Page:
Royal Academy Drawing Professor Pledges Subsidy
Turner prize nominated Artist ,Tracey Emin has revealed that she will donate her Royal Academy teaching fees to her students. Emin stated in an interview for the BBC; that she would spend the money on artists’ materials to use in her classes. It was announced last week that Emin had been appointed Professor of Drawing at the art college “I did spend seven years learning to draw and then after that, I broke it down to work within my own style,” the artist said. “I’m a real advocate of drawing and I think there isn’t enough literal drawing in art schools. It’s very good for the soul as well and good for the memory.” However, Emin said the role would not necessarily see her lecture in a traditional sense: “It’s a wonderful position because I actually dictate how the drawing classes can be,” she said. “I can work with students individually, I can give tutorials or I can do drawing courses – it’s absolutely up to me what I do.”
Emin earned a master’s degree at the Royal College of Art and first exhibited at the Royal Academy in 1997 with one of her best-known works, a tent embroidered with the name of Everyone I Have Slept With 1963-1995.
Tracey Emin is one of Britain’s most celebrated contemporary artists. It was revealed a fortnight ago that she had been appointed as the new Professor of Drawing at London’s prestigious Royal Academy, the country’s oldest art school. The General Assembly of Royal Academicians (RAs) an exclusive club of sculptors, architects, printmakers and painters have supported the decision. However the appointment of the 48-year-old artist is somewhat controversial: most famous for the works Everyone I Have Ever Slept With (a tent embroidered with the names of everyone she had ever sleepy with), and My Bed (her unmade bed, surrounded by grimy detritus), Emin is not your typical fine arts academician – and perhaps an odd choice of a professor of drawing. Figurative painter Diana Armfield, for instance, complained to the Times that she ‘wouldn’t have thought that her talents were that way, while conceding that Emin’s scrawling works on paper ‘I suppose are drawings’. And she may have a point that Emin’s draughtsmanship lacks the formal skill of former post-holders – from William Turner, and John Constable, to William Blake.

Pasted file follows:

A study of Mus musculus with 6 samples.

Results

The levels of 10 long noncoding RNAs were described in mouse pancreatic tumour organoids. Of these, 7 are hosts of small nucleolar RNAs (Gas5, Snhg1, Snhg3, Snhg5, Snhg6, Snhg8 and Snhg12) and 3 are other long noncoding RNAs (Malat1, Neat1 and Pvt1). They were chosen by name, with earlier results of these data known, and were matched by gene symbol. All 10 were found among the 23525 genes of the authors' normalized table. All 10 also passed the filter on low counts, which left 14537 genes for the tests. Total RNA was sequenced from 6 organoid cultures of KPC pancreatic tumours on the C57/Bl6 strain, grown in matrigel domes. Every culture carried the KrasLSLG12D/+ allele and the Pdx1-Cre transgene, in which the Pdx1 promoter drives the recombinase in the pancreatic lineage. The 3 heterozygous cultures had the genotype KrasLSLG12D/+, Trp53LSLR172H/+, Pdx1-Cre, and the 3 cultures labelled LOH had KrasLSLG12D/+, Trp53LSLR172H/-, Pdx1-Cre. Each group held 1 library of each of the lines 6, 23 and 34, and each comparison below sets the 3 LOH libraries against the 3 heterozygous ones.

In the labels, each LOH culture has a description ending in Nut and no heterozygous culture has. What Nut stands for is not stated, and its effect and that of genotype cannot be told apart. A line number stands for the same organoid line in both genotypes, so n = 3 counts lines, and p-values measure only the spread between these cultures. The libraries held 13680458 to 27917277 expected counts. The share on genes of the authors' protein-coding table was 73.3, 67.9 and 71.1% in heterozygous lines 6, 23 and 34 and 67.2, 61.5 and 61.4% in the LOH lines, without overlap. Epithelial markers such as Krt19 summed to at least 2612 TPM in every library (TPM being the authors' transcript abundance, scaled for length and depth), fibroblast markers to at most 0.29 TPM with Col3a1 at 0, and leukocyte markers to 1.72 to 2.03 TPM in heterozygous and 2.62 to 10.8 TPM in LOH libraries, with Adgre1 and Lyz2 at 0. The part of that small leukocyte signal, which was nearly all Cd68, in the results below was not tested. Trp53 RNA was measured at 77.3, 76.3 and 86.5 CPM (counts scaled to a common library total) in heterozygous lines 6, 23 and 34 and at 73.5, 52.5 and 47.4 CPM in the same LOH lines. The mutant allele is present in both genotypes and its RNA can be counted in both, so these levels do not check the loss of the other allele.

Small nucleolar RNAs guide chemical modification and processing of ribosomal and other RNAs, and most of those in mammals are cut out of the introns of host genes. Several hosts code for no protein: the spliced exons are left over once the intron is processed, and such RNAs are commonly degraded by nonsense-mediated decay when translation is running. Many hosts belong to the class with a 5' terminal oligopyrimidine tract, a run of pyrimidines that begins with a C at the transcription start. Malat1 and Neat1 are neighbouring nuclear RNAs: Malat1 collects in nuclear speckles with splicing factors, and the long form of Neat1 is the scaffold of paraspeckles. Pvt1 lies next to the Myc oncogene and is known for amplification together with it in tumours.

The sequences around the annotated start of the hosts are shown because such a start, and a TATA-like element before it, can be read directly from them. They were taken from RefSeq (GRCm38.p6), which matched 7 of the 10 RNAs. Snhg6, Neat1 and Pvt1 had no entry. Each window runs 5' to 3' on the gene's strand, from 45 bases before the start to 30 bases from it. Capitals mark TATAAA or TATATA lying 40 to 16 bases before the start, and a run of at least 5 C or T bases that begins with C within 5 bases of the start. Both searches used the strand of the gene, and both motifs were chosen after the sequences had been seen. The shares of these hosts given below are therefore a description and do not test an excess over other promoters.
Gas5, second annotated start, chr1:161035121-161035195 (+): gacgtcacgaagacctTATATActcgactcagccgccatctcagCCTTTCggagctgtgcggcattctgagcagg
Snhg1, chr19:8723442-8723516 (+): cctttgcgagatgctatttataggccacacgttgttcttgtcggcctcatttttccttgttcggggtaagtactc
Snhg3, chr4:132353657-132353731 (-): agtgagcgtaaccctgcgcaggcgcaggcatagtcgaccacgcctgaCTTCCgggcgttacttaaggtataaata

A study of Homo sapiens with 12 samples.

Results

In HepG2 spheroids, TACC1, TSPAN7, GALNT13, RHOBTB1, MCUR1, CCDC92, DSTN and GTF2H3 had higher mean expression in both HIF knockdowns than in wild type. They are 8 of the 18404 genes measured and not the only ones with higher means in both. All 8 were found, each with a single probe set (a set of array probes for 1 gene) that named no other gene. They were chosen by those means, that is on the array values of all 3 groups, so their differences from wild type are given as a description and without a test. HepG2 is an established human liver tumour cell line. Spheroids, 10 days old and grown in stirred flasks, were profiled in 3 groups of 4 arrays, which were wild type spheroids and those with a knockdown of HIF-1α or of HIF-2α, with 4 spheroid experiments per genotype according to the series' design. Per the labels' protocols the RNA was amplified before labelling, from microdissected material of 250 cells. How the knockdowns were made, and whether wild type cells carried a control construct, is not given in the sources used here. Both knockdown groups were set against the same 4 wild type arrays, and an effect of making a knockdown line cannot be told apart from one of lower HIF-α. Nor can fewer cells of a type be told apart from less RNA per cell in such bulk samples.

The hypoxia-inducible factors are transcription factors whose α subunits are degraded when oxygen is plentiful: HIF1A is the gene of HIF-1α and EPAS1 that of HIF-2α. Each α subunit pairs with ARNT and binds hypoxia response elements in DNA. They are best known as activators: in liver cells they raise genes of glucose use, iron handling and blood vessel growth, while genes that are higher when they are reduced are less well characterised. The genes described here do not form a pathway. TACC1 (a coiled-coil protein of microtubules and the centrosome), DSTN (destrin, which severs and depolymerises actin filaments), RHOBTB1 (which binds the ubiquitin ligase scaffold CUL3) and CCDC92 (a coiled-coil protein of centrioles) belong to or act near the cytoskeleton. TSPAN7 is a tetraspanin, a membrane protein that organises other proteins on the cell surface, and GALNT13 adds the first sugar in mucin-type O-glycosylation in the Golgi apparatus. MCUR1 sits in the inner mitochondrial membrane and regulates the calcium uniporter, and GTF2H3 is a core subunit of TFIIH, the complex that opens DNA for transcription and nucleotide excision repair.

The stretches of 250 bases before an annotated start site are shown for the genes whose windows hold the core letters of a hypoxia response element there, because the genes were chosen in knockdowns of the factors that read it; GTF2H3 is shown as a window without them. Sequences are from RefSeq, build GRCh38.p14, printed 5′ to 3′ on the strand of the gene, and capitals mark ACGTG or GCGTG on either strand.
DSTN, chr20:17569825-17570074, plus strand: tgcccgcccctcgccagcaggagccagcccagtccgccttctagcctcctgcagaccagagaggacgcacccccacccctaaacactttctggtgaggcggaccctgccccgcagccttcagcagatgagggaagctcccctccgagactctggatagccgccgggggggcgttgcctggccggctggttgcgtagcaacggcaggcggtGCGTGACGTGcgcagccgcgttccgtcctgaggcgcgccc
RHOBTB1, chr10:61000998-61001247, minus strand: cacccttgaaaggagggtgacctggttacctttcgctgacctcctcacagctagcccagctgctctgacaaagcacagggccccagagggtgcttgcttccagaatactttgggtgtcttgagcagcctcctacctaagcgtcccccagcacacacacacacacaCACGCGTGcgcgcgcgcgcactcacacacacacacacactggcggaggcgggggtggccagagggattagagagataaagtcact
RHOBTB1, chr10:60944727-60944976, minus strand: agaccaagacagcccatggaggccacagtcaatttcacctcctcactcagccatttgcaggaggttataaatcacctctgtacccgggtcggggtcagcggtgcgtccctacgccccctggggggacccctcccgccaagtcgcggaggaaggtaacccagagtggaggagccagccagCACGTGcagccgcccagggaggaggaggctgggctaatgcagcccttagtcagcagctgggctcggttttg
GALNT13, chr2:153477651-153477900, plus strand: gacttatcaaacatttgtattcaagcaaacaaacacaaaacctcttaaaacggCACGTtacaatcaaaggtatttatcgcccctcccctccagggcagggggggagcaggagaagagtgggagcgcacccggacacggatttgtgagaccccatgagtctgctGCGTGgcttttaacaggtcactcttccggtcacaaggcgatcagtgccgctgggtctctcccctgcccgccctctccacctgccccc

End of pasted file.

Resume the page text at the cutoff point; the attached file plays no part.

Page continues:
Tate Galleries director Nicholas Serota has supported the decision of Emin’s appointment, however: ‘there will be a lot of people who say, ‘What a lousy idea, she doesn’t stand for classical drawing’, but I think it’s a great appointment’: ‘Drawing is the foundation for everything she does and I think it’s the thing for which she is most recognised internationally as well’, he told the Times. Here Here!
Emin is due to guest edit Radio 4’s Today programme on 28 December.